Wednesday, 25 April 2007

Those of you who know me well know that I don't like meetings...

Meetings are one of the biggest institutional time wasters. Someone told me recently that on an average day in the UK, there are around 5 million meetings. I don't know how they worked that out, but if it is true it makes you wonder how anything ever gets done!

It helps if you work out the cost of the meetings you attend. A person earning £20,000 per year represents an hourly salary cost to the organization of around £15. If ten people at this salary level meet for a one hour meeting, the cost of the meeting is £150. Meetings are important and often essential elements of our work so the real question is how are we going to improve the productivity of our meetings. We must constantly look at what was accomplished in our meetings and ask ourselves if it was worth it? I know that the answer is sometimes "yes" but a lot of the time the answer is "no".

1. Some questions to ask about each of the meetings you attend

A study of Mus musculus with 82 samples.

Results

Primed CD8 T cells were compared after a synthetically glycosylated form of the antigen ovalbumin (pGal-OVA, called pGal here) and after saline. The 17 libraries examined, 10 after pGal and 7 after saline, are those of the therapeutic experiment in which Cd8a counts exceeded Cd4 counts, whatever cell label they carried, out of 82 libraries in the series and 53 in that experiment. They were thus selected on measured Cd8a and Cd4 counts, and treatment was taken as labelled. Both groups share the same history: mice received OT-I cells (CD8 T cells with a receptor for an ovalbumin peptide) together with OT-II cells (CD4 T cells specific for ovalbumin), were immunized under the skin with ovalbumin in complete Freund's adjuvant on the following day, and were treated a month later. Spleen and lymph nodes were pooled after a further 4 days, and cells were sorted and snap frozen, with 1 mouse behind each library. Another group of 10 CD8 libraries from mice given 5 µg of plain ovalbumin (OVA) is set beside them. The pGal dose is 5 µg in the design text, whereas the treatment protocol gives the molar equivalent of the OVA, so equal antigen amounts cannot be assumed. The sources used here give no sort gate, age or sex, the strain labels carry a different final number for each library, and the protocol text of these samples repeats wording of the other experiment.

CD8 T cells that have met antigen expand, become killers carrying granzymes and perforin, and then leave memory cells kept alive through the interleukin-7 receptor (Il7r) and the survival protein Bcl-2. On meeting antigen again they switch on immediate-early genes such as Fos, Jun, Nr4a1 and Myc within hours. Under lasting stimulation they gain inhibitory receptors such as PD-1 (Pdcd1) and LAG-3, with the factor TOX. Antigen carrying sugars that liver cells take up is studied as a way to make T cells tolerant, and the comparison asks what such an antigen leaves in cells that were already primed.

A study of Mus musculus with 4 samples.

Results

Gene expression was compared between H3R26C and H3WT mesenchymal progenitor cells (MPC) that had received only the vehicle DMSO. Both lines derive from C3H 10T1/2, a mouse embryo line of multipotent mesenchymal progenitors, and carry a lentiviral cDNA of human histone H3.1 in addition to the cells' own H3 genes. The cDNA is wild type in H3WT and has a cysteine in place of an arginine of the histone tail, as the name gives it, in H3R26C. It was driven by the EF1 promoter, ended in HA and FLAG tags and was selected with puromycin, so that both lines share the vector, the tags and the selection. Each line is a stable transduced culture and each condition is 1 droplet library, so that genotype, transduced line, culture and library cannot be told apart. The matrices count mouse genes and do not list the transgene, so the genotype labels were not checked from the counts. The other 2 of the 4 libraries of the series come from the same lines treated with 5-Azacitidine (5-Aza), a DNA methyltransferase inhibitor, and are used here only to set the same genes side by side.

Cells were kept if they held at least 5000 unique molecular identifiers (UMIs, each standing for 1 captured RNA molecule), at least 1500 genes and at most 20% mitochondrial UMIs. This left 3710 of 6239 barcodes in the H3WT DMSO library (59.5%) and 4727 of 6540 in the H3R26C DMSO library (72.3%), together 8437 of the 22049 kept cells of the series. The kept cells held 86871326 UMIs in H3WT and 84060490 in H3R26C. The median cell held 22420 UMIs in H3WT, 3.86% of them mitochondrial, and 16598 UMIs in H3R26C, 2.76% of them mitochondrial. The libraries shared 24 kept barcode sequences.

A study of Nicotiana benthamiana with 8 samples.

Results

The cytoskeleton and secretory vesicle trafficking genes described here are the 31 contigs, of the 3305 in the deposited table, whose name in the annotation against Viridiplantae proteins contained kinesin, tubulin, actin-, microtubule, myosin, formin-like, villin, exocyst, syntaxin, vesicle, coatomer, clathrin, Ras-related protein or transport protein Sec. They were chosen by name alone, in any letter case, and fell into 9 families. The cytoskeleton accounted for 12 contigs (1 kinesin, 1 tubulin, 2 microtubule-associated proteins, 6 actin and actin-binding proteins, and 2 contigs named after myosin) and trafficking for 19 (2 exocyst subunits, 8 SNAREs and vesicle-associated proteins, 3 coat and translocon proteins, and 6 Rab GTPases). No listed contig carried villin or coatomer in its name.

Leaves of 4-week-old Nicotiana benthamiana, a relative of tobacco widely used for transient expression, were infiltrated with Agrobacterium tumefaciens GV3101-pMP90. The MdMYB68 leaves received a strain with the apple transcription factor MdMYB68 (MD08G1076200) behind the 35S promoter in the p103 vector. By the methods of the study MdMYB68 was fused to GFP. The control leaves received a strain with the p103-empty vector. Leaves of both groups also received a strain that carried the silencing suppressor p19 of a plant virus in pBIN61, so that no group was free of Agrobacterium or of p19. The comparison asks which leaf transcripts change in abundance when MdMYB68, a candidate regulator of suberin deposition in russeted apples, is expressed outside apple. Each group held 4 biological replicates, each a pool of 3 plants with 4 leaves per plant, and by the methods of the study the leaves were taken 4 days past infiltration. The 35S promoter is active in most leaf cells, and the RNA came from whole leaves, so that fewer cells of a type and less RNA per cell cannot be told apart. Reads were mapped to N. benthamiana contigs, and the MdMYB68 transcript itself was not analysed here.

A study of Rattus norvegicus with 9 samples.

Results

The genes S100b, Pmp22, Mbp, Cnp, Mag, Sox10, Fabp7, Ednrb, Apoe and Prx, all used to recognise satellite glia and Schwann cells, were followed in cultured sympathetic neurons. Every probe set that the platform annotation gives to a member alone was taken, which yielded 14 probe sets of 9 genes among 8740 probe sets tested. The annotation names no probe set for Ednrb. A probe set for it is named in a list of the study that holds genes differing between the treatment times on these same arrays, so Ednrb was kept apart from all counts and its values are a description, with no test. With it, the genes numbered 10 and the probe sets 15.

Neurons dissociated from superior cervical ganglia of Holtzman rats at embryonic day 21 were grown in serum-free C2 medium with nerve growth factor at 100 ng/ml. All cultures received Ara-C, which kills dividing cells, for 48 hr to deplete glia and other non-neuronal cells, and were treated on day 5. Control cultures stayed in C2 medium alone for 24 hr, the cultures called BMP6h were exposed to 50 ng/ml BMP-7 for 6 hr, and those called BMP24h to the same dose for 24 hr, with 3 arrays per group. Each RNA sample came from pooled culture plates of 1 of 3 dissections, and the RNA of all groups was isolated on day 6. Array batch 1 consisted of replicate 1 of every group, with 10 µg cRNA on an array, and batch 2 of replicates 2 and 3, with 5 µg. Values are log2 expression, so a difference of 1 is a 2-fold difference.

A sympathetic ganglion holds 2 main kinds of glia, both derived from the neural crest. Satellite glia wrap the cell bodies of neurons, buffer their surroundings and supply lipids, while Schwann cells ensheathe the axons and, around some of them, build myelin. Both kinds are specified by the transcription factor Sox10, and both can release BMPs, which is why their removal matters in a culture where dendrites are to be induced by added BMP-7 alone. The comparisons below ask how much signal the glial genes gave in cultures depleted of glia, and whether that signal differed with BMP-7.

• Is it necessary?
  • What would happen if it did not take place?
  • What if we did not meet quite so often?
  • How about if we met once a month instead of every week?

2. Ask yourself these questions about each of the meetings you attend

  • Am I necessary at the meeting?
  • Do I get anything out of the meeting?
  • Do I contribute anything to the meeting?"
If the answers to these questions is "no", try to avoid attending the meeting.
Chris

3 comments:

Anonymous said...

Hear hear!
Can I suggest that this post becomes required reading for everyone in Education Leeds and schools. A global memo with these guidelines wouldn't go amiss either.

Chris'Blog said...

Thanks for this comment...the world would be a better place if we could only cut down on the meetings.
Chris

Anonymous said...

Hi Chris,

Re meetings. I think we suffer from terrible meeting sloppiness. I get very frustrated by the proliferation of meetings one is called to which are poorly led, a total lack of preparation by convenor and / or participants, no clear idea of what outcome is wanted, people arriving late or leaving early. We may need fewer meetings but we also need BETTER, TIGHTER meetings, with MORE time preparing what is to be put in to ensure purposeful interaction and good decisions that move us forward.